By Burma Partnership  •  January 19, 2015

Yanghee-Lee-Arakan-Mob-8-Jan-2015-JPaingIrrawaddyThe US Special Envoy for Human Rights in Burma, US Assistant Secretary of State Tom Malinowski and his accompanying delegation, completed the second trip of this kind, highlighting the plethora of grave human rights concerns that continue to plague the people of Burma. On the same day, the UN Special Rapporteur on the situation of human rights in Burma, Yanghee Lee, also gave a stark analysis of progress in human rights.

The two day, US-Myanmar Human Rights Dialogue visit included meetings with Union ministers in a closed door arrangement in Naypyidaw as well as meetings with civil society in Rangoon and Myitkyina, the capital of war-torn Kachin State. The 10-day trip of Special Rapporteur Yanghee Lee also included meetings with various government and civil society representatives, as well as visits to the site of the Letpadaung Copper Mine, Insein Prison, Arakan State, and Lashio, northern Shan State.

Both delegations stated recent religious violence and tension as a pressing need to address. US Assistant Secretary of State for Democracy, Human Rights and Labor Tom Malinowski noted, “The use of religion in particular to divide people, whether it is done for political or other purposes, is incredibly dangerous,” while Special Rapporteur Yanghee Lee directly clarified the right for Rohingya to self-identify; “Fundamental rights are not hierarchical – they aren’t conditional upon one another. They’re inalienable. You can be assured that in all my meetings with government interlocutors, I use the word ‘Rohingya’. The rights of Rohingya people must be protected, promoted and upheld,” while also stating that the situation in Arakan State “remains at crisis stage.” Other issues discussed by both delegations include legal reforms, land rights and the new land use policy, as well as ethnic conflict.

While the very existence of such visits are commended by both delegations, the irony of the promises made by the Burma Government to such high-profile actors is not lost on the uncountable victims of human rights abuses at the hands of the Burma authorities. The US delegation statement explains that, “Both governments reaffirmed their obligations under the Geneva Conventions to protect civilian populations at all times and all places.” Yet on 15 January 2015, just after the US delegation arrived in the country, clashes between the Burma Army and the Kachin Independence Army left around a thousand civilians displaced and in desperate need of help. The Burma Army certainly did not adhere to its obligations under the Geneva Conventions, as Ko Kar Gyi of the Kachin Development Network Group explained, “Military forces closed the way to the conflict area as religious leaders and civil society groups were attempting to rescue local people who are in the danger zones.”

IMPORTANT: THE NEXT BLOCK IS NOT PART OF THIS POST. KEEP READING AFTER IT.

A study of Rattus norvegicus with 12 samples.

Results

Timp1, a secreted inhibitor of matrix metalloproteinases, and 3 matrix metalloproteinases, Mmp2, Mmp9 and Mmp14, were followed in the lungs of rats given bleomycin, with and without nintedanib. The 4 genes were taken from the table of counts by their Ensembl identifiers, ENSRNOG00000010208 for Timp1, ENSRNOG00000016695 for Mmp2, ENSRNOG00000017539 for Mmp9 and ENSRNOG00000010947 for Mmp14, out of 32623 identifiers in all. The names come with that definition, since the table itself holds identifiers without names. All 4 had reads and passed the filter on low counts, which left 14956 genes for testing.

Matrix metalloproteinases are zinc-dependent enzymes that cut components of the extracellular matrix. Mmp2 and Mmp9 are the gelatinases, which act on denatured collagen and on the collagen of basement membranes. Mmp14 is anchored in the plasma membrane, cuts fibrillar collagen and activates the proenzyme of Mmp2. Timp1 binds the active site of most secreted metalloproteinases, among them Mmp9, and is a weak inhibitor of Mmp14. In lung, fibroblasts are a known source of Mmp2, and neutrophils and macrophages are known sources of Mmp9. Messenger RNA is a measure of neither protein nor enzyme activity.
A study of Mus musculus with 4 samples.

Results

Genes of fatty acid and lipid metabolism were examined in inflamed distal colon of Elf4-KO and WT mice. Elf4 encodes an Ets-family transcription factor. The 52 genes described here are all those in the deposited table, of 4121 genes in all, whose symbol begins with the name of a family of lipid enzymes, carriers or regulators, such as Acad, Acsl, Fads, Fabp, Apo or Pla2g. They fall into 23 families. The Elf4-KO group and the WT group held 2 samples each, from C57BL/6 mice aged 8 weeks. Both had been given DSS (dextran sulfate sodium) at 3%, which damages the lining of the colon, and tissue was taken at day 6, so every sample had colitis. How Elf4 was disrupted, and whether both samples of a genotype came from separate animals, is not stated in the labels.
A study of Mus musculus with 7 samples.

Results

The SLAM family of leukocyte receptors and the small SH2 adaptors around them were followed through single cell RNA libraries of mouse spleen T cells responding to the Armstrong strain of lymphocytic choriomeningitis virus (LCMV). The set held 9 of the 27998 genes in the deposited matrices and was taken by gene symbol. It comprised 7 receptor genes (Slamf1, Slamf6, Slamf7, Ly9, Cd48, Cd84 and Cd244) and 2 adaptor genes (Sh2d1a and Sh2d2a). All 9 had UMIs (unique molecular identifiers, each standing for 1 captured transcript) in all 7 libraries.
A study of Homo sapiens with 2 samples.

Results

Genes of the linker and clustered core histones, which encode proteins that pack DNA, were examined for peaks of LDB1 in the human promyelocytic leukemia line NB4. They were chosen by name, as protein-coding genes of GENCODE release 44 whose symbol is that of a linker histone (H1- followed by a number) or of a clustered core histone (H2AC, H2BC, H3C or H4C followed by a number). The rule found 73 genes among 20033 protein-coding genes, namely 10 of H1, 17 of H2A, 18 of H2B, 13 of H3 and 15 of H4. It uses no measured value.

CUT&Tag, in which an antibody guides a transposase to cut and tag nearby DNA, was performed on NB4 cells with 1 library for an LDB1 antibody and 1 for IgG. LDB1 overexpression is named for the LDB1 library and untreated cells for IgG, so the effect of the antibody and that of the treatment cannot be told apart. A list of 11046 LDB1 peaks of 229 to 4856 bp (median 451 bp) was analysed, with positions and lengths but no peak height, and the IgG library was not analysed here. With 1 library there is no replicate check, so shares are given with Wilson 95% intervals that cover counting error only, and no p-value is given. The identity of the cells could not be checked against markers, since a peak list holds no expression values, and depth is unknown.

At a press conference after their meeting with the UN Special Rapporteur, members of the Coordination Committee for Civil Society Organizations Forum iterated concerns they have over the current state of the reform process, concerns that were also conveyed to the US delegation. These included the government’s continued use of various old and newly enacted laws as a tool to; repress human rights activists, discriminate against women in the name of national race protection, and to disenfranchise farmers to facilitate investment.

That a broad forum of civil society organizations in Burma continues to highlight various forms of serious human rights abuses is testament to the grave situation that many people in Burma face today. That two remarkably high profile delegations, from the UN and the US Government, further note and even add to these concerns in the same week reflects the gravity of human rights problems in Burma despite gushing praise of the process in many international circles. The international community must reflect on these statements and confront the reality of the situation in Burma. Condemnation is just the first step. Concrete action must be taken that shows that the Burma Government cannot continue to inflict suffering on its own people with impunity. Further investment and official support of policies and programs of the Burma Government results in complicity in such violations. There can be no denial of the reality of the situation of human rights in Burma and the reform process. This reality is plain to see and stated clearly by influential local and international actors. This year of 2015 is of upmost importance for the future of Burma given the necessity of an inclusive political dialogue towards national reconciliation as well as the opportunity to amend the 2008 Constitution and to hold genuine free and fair elections. It is time for the international community to show their commitment and act to ensure that these fundamental changes are realized.